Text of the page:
Cognac Quarters

While working in a spacious Pasadena home two years ago, interior designer Matthew White's client asked him to take a look at a tiny space off the entry hall. "I'd been in the house a hundred times and never noticed the room," White recalls. The 8-by-12-foot cubicle had once served as a cloakroom for the 1920s Georgian-style home but had been turned into a catchall storage closet. "She wanted some thoughts on what to do with the space."

White blanketed the quiet retreat with paisley fabric--the perennial motif often associated with the Beatles, Peter Max and free-flowing hippie skirts of the '60s. In the '80s, pop star Prince made it his signature look, even naming his studio Paisley Park. The genesis of the Indian motif, which resembles a stylized comma, is that it's inspired by a pine cone. Others credit the cashew fruit and its seed pod, which has been a symbol of fertility for thousands of years.

White credits a couple of sources for hatching the idea of doing something "exotic and over the top"--2001's Tony Duquette auction of theatrical furnishings, and designer Billy Baldwin's shirred wall treatment for New York socialite Babe Paley's sitting room in the '70s. "Those two inspirations, plus clients who were game for something fun, laid the groundwork," he says.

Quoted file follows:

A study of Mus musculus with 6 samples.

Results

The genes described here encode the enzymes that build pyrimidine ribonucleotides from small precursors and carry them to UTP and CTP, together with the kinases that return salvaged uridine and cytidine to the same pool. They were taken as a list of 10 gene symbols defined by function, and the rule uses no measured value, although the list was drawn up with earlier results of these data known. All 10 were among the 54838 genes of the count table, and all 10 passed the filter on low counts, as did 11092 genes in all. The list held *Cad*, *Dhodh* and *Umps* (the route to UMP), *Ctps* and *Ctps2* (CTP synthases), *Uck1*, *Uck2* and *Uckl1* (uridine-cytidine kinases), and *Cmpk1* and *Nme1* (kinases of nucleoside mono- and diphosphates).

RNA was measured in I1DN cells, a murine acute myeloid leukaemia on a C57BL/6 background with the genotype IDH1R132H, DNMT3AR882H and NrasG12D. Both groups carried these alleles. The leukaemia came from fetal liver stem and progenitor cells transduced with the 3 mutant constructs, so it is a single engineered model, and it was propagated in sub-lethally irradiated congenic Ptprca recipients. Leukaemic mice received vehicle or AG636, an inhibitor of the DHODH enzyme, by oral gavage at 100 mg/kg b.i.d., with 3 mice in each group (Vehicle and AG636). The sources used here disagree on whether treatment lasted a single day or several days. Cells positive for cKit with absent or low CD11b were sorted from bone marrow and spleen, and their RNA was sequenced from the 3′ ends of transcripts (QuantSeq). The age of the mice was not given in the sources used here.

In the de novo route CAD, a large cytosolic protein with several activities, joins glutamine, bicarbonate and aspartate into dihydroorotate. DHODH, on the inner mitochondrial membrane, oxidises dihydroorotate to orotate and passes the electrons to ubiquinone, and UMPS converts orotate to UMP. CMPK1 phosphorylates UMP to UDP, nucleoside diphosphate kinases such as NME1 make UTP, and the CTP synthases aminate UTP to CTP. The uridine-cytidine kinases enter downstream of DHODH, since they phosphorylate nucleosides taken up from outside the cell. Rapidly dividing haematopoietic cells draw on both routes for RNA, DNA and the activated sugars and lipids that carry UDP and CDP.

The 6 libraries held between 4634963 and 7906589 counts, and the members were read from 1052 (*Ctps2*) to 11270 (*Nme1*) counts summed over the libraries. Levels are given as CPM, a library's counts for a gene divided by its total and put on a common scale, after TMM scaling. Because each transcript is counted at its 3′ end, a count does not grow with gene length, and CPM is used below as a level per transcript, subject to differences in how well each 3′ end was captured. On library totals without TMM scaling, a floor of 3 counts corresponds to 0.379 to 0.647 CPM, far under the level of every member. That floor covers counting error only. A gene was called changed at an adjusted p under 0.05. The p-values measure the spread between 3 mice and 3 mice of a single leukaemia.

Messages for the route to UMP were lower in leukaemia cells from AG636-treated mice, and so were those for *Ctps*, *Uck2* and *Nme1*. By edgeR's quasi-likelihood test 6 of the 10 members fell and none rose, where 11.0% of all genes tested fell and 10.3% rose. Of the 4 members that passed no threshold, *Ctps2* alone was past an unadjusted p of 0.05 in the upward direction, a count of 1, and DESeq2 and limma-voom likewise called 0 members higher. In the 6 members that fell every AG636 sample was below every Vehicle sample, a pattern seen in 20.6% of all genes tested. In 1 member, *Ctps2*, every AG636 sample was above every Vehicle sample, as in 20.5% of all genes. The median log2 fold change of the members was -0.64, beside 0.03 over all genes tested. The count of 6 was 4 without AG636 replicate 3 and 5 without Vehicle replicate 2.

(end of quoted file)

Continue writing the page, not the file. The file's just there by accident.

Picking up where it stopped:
To transform the space, White painted moldings and doors with five coats of cinnabar-hued lacquer. A pair of flanking banquettes designed by White are sandwiched by end tables topped with hand-painted wood Indian courtiers that White turned into lamps, while a gilded camel from J.F. Chen Antiques functions as a small center table. In all, 100 yards of cotton paisley fabric cover the ceiling, walls, banquettes, lampshades, drapery, roman shade and ottoman. For the homeowners, the room resembles "a private compartment on the Orient Express."

"It simplifies a room to have an overall pattern," White explains. Floating in the center of the wall behind each banquette are gilt-framed mirrors designed by White and inset with Indian miniatures. "They make the room appear larger, but that wasn't really the point," he says. "They have so many large rooms, what the owners really needed was an intimate hideaway. They call it their 'cognac room.' "


Resource guide

Matthew White Interior Design, Pasadena, (626) 403-1730.